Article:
Be responsible: Throw away condoms | Amy Johnson

It’s not easy bein’ green, even if you’re not Kermit the Frog.

Reducing carbon footprints requires conscious care and planning, which is why it’s so important to use a condom. Read on for the ultimate guide in responsible condom use.

According to a special insert in the Seattle Times on June 29th this year, one of the seven everyday devices which is both powerful and simple to use to save the planet, is the condom. Who knew?

Eric Sorensen, apparently. He is the author of a book called Seven Wonders for a Cool Planet, and in the article excerpted in the Times, gives us some interesting and thought-provoking facts:

Human beings will have sexual intercourse over 100 million times today, and in so doing, about one million women will become pregnant. Unfortunately, about half of those pregnancies will be unintentional.

Condoms can help. They are small, thin, and weigh very little. A bonus is that they also help prevent sexually transmitted diseases. (Just remember not to keep them in your wallet and to be sure to check the expiration date.)

Many people promote condom use by advocating that an increase in their use will translate into fewer births. This article suggests a 14 percent increase in the use of contraceptives in general “could translate into 1 billion fewer births by the middle of this century.” (June 29, 2008 Footprint: Pacific Northwest Extra, p. 12.)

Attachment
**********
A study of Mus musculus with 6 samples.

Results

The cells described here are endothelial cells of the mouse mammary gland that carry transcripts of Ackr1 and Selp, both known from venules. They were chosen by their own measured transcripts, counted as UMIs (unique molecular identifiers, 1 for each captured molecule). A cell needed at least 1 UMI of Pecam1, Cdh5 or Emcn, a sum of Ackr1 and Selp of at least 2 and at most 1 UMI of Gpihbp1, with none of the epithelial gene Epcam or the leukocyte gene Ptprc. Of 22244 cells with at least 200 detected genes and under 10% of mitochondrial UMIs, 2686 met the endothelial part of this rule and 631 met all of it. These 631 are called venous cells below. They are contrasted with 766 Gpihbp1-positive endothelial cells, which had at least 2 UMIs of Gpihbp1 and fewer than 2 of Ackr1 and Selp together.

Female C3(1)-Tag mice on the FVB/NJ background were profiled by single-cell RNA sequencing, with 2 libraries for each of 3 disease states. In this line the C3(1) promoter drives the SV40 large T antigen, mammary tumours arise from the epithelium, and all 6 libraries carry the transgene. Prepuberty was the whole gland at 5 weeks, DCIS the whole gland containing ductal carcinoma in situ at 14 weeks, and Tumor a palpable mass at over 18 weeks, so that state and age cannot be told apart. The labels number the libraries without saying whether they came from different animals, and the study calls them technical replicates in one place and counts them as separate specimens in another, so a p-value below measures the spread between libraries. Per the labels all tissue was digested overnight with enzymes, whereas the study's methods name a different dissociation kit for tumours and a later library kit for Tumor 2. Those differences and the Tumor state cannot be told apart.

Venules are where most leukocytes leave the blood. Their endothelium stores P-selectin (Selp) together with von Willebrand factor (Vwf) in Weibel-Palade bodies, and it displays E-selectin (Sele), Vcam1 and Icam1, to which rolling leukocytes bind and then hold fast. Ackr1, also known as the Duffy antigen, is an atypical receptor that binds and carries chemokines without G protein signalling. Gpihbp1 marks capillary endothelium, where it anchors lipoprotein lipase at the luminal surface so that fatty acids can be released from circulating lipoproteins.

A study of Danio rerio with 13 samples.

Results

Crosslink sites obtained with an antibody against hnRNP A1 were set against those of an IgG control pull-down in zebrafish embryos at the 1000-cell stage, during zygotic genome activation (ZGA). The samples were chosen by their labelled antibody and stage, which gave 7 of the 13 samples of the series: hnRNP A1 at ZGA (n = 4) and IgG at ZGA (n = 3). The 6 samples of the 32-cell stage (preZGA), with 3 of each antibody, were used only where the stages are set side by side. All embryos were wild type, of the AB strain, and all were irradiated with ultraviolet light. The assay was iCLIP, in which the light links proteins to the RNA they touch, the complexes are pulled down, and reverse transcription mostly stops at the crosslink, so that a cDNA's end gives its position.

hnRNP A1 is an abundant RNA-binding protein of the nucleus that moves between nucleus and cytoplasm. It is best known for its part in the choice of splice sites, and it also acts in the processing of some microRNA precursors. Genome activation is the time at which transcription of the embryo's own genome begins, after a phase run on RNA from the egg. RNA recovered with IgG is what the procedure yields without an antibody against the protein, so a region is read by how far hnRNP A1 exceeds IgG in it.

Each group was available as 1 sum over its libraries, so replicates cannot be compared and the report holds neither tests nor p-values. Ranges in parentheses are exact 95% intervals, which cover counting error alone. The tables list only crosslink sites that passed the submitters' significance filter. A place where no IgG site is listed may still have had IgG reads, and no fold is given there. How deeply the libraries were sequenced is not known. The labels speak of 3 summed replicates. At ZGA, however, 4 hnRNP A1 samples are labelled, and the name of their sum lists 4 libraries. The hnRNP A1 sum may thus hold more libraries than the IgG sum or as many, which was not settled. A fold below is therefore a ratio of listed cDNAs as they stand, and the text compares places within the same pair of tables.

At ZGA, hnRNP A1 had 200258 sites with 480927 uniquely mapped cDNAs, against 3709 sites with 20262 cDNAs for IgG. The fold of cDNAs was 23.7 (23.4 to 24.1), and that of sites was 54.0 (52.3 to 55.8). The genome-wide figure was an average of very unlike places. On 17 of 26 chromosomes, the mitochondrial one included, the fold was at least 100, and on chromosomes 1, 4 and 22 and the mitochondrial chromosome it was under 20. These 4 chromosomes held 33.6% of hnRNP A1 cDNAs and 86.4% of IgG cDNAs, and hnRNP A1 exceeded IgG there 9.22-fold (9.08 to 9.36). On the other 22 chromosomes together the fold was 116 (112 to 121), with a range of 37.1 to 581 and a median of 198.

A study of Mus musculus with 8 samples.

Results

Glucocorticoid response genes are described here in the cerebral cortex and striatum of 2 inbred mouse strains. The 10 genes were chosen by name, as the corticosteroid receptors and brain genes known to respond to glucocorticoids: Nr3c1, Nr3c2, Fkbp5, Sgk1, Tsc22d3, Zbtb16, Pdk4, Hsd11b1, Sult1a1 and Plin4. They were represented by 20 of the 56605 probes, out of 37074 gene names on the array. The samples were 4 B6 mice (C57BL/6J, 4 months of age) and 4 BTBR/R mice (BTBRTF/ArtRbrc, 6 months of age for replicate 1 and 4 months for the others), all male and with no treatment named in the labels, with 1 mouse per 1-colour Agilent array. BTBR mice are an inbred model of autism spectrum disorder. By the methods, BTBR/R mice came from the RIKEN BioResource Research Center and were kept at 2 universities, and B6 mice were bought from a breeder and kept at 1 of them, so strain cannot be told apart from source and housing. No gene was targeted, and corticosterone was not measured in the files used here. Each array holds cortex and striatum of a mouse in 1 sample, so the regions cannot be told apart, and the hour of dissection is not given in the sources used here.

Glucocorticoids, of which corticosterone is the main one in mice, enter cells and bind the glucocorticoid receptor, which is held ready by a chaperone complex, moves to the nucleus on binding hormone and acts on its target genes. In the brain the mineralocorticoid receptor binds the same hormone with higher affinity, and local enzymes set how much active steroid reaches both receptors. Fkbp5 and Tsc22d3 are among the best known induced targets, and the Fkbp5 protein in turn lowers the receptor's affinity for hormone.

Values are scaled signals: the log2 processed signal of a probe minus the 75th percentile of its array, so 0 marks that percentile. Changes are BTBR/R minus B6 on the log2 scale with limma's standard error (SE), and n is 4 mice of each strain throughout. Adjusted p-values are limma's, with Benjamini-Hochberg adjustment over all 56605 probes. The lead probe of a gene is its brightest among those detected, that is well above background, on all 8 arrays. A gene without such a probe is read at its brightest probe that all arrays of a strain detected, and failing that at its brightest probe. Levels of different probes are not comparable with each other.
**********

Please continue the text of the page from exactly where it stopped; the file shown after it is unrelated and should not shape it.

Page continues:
To further the green, carbon reduced footprint theory, then, 1 billion fewer births also means many less carbon-dioxide emissions—possibly as much as 4 billion tons.

Some people might rationalize that this is not their problem — that it is a third world issue. Actually, almost half of all U.S. pregnancies are unintended, according to the Association of Reproductive Professionals.

Even though every unintentional pregnancy in the United States does not end in a birth, every baby born in our country will use a disproportionate amount of resources in their lifespan compared to those born in developing countries. Therefore, using condoms, especially in the U.S., can in fact have a potentially positive impact on our climate.

One further note on the green front. Though many condoms are made of latex, which is biodegradable, they do not biodegrade quickly enough to be left to the elements. Lambskin condoms, though also biodegradable, do not protect against sexually transmitted infections and HIV: they are too porous.

The most environmentally friendly way to dispose of condoms, according to Columbia University’s “Go Ask Alice” site, is to wrap them in tissue or paper and dispose of them in the garbage, where they will hopefully eventually breakdown.

Be responsible, use a condom, dispose of it properly and help save the planet.

Amy Johnson, MSW, is a Personal Life and Parent Coach in Federal Way. She facilitates faith and sexuality classes for youth, and parenting classes in the Puget Sound area. Amy can be reached at comments@diligentjoy.com.